Guest article: why Brexit makes choosing who you vote for different this time

Guest article: why Brexit makes choosing who you vote for different this time

This column is written by Rachel Holdsworth, whose fine, witty writing on London politics, housing issues and more used to regularly grace Londonist. She’s now a freelance writer and editor and the owner of a lovely ginger cat.

What are you voting for in this election? I don’t mean which candidate or party. I mean: what are you expecting when you cross that box?

The Conservatives want to make this a plain choice between Theresa May and Jeremy Corbyn. But, even with the best will in the world, Corbyn is not going to be our next Prime Minister. So what are you actually voting for?

In this glorious political mess we call British parliamentary democracy, we send one person to represent us as a community. But as members of parties they have a tribal loyalty. And we, as voters, often use that tribal loyalty to decide which way to cast our ballot. This time, however, it’s a little different.

Brexit Brexit sodding Brexit. Given the state of the country after seven years of austerity, this election should rightly be fought on inequality, stalling incomes, cuts to public services and the NHS. But it’s going to be Brexit, because:

  1. That’s why Theresa May called the damn thing.
  2. It’s still so up in the air it’s the only thing the media wants to talk about.
  3. Arguably, what happens to Britain after we leave the EU will have such an effect on people’s jobs, wages and services that it envelopes all inequality issues.

Brexit is a wild card in this election. It brings into play factors that didn’t exist in 2015. Previous vote tallies may not be reliable indicators of future results. Tactical and issue-based voting are right up there.

So let’s think for a moment about what you want from your MP. Are you voting for the party? Do you want someone who’ll never defy the whips? Do you want someone who always does, what the constituents want? Or do you want someone somewhere between the two, who shows independence of mind and is able to weigh up the pros and cons of every situation?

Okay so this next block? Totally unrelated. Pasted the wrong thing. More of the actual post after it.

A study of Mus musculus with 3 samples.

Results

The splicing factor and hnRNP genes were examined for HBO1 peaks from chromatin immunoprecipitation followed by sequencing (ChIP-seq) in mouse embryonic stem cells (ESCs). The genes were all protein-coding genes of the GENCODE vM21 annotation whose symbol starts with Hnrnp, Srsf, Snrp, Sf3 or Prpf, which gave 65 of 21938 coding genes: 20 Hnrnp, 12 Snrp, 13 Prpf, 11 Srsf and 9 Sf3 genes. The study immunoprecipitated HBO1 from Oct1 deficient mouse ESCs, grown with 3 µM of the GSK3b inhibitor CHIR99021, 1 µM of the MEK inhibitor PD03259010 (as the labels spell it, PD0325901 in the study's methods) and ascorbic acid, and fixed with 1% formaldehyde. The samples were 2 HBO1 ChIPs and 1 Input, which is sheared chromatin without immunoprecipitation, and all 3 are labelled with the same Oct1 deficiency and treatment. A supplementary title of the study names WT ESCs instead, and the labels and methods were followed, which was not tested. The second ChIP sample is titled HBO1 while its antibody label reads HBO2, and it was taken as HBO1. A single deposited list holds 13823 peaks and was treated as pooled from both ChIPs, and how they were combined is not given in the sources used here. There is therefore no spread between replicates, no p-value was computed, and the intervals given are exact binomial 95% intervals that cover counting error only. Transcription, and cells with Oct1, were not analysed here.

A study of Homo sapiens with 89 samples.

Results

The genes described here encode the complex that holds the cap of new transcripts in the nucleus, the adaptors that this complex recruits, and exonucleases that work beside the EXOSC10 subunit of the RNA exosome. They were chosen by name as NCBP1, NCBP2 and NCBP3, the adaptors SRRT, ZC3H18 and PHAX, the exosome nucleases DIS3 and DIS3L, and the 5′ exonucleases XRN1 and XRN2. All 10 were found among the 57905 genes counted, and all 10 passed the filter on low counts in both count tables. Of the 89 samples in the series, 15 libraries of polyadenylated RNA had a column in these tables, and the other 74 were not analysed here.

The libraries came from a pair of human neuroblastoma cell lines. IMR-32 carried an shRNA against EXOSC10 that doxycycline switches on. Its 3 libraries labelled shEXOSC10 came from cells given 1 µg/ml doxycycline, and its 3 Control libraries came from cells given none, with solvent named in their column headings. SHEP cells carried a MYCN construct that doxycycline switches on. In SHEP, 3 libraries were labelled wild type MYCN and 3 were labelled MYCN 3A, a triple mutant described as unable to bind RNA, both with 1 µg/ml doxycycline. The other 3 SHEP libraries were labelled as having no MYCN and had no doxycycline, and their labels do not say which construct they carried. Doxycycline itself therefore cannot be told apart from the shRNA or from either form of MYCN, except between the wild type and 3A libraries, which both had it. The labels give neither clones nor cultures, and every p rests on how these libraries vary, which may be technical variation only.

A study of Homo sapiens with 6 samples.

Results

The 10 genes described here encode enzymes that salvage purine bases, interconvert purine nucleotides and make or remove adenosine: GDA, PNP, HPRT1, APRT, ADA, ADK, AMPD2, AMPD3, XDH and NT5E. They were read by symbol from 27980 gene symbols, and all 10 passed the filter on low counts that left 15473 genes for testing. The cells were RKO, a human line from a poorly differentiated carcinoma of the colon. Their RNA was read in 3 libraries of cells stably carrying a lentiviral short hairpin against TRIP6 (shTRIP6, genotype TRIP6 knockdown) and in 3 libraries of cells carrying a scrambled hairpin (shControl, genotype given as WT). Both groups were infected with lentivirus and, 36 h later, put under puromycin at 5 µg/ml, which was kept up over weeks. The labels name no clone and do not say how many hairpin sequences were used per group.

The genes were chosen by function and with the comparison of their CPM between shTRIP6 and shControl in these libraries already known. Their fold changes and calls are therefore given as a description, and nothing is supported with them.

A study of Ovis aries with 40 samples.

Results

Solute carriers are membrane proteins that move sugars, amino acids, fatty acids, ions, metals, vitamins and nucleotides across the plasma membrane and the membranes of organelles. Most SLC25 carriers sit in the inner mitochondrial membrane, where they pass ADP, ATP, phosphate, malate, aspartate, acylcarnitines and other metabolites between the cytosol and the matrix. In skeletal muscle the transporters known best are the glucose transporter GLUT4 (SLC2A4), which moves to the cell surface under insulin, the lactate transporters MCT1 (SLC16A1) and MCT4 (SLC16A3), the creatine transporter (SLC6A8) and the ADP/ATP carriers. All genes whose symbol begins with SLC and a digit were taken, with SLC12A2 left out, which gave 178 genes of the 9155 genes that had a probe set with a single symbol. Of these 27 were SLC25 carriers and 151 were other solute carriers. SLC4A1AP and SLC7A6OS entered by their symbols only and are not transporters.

It’s likely most of us want our MP to be option three, particularly those who are represented by an MP from a party not of our choosing. Nobody wants an MP who ignores letters, or replies with patronising notes that imply you, constituent, should keep your little head out of things you don’t understand. (I speak from experience.)

Now factor in Brexit. What do you do?

What do you do if you’re a progressive and live in Vauxhall? I know several people there who should be natural Labour voters in this election but can’t bring themselves to pull the lever for prominent Brexiteer, and Farage-boat-sharer, Kate Hoey. They feel she’s lost their trust; unsurprising in a constituency that voted 78.6% for Remain. Hoey may genuinely believe that leaving the EU is best for Britain, but I’m willing to bet there are lots of people living in Brixton, Kennington and Clapham who are now worried about whether they’ll be allowed to stay in the UK, or about family and friends in the same situation. That doesn’t sound much like representing her constituents to me.

What do you do if you’re a Conservative Remainer and live in Chingford and Woodford Green? The constituency split pretty much 50:50 in the referendum. Iain Duncan Smith is as big a Brexit cheerleader as they come. How many of his 8,386 majority are furious enough about Brexit to overcome their party loyalties and switch sides, or sit this one out? How many of 2015’s 4,254 Lib Dem and Green voters in that seat will tactically switch to Labour? (Given what we saw in the local elections, it’s likely that a large chunk of the 5,644 UKIP vote will switch to Duncan Smith so I reckon he’s safe. But it’ll be interesting to see what happens to his majority.)

What do you do if you’re a progressive who’s lost patience with Corbyn, but your safe seat Labour MP voted against triggering Article 50? I can answer this one, because that happens to be me. On 8 June I’ll vote Labour for the first time in 20 years because my MP, Lewisham Deptford’s Vicky Foxcroft, listened to an avalanche of communication from constituents begging her to vote against the Labour whip – even though she was a whip herself. The argument went: yes, we know there’s no chance of blocking it, but we voted overwhelmingly to Remain here. Let’s not pretend this was unanimous. She listened; she put her job on the line; she voted for us. That’s what I want in an MP.

To cycle back to Corbyn: he’s not going to be Prime Minister. Barring a miracle, he’s just not, so unless you live in Islington North you’re not voting for him. If you’re a progressive voter, the only thing you know for sure on 9 June is who will be looking after your interests in Westminster (and for Labour, who’ll get a nomination in the inevitable leadership contest).

If you’re a Conservative – well, you’re getting Theresa May. The only issue now is how emphatic you want that return to be. What voices you want in her ear.

The question has perhaps never been more important: what do you want your MP to be?